Just four days before Thanksgiving—a holiday that for many symbolizes the genocide of Native people in the U.S.—law enforcement in North Dakota launched a brutal assault on the Standing Rock Sioux and their allies. Hundreds of people who had peacefully assembled to stop the Dakota Access Pipeline were blasted with water cannons, hit with concussion grenades and rubber bullets, and doused with tear gas. This week, What We’re Reading takes a look at the protests in Standing Rock in the context of 500 years of indigenous resistance to colonization and genocide.
Don't be passive observers of last night's terrorization in Standing Rock: Here's what you can do, by Kelly Hayes via Truthout
"As a Native woman who has been to Standing Rock three times, and whose health now prevents me from making a fourth trip, I have my own asks. Call every number put in front of you. Jam every phone line. Look at the target list of financial institutions supporting this pipeline. Pick a bank. Shut it down, just like we did in Chicago on Saturday and people did in Philadelphia this morning. The Trump administration hasn't even taken hold yet, and I watched over a livestream last night as my friends and people were battered with water streams that can tear skin from flesh and eyes from sockets. I watched my people hold space and scramble to save one another as drops of water froze to razor wire."
The Standing Rock resistance is unprecedented (it's also centuries old), by Leah Donnella via NPR
"In the late 1800s more than 10,000 members of the Lakota Sioux, Cheyenne, and Arapaho tribes set up camp to resist the U.S. Army's attempt to displace them in search of gold. That camp took form at the Little Bighorn River in Montana. After the soldiers attacked the camp in June of 1876, the Battle of the Little Bighorn, widely known as (Gen. George) Custer's Last Stand, erupted. In defeating the Army, the tribes won a huge land rights victory for Native Americans."
Book excerpt: The real Thanksgiving story, by Roxanne Dunbar-Ortiz and Dina Gilio-Whitaker via Bill Moyers
"Second only to the Columbus discovery story, the Thanksgiving tale is the United States' quintessential origin narrative. Like the Columbus myth, the story of Thanksgiving has morphed into an easily digestible narrative that, despite its actual underlying truths, is designed to reinforce a sense of collective patriotic pride. The truths are, however, quite well documented. Their concealment within a simplistic story inevitably depicts a convoluted reality about the Indigenous peoples who played crucial roles in both events, and it presents an exaggerated valorization about the settlers' roles."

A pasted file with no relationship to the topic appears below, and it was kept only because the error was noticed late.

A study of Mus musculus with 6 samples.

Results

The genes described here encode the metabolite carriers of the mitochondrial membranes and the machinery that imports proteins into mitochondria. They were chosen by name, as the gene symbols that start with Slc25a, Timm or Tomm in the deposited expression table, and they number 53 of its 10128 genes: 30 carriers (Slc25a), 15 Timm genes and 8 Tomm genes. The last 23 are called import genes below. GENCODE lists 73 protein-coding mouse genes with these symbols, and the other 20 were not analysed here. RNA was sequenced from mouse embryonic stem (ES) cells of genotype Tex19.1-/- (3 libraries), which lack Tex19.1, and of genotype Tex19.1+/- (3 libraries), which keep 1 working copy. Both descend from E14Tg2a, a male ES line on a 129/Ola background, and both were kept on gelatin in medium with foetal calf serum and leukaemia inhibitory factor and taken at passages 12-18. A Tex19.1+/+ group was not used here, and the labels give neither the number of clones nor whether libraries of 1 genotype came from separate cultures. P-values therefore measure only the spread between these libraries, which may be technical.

Showdown at Standing Stone Camp, by Jason Mark via American Prospect
"As indigenous people and Native people, for 500 years we’ve been saying that capitalism won’t work, that if you’re doing all of this colonial stuff it will come back and get you,” Mosset says. “We’re not going to say, ‘We told you so.’ But we are going to say that now we speak for ourselves. And to listen to us. We are going to show you the right way forward."
President Obama, remember Leonard Peltier, by Ricardo Alarcon de Quesada via Counterpunch
"Leonard Peltier, Anishinabe-Lakota, a leader of the American Indian Movement, AIM, writer and poet, has just completed 40 years in prison, and is one of the political prisoners jailed for the longest time in the whole planet. When he was captured, in February 1979, he was a young man, struggling for the rights of the Native peoples, who had already known repression and jail from an early age. Now, almost blind and very ill, he endures a cruel and totally unjust captivity."
This guide for being an ally during Thanksgiving dinner is infinitely useful by Sunnivie Brydum via Bustle
"The full toolkit can be downloaded here, complete with discussion topics, de-escalation techniques, and simple, direct action items that you can encourage family members to take before the tryptophan sets in. There's even a suggestion for art projects to engage the kids in the family, including creating postcards opposing the Dakota Access Pipeline to send to North Dakota Gov. Jack Dalrymple."
Looking for more resources? Check out the Standing Rock Syllabus from the NYC Stands with Standing Rock Collective for historical context and current analysis.
"What We’re Reading" is a weekly feature on AFSC’s News and Commentary blog, where we share a curated collection of recent articles on timely issues. "What We're Reading" is meant to spark discussion, debate, and knowledge sharing, and the articles we highlight do not necessarily reflect the official organizational positions of AFSC. We encourage you to tell us what you're reading on these issues in the comments below.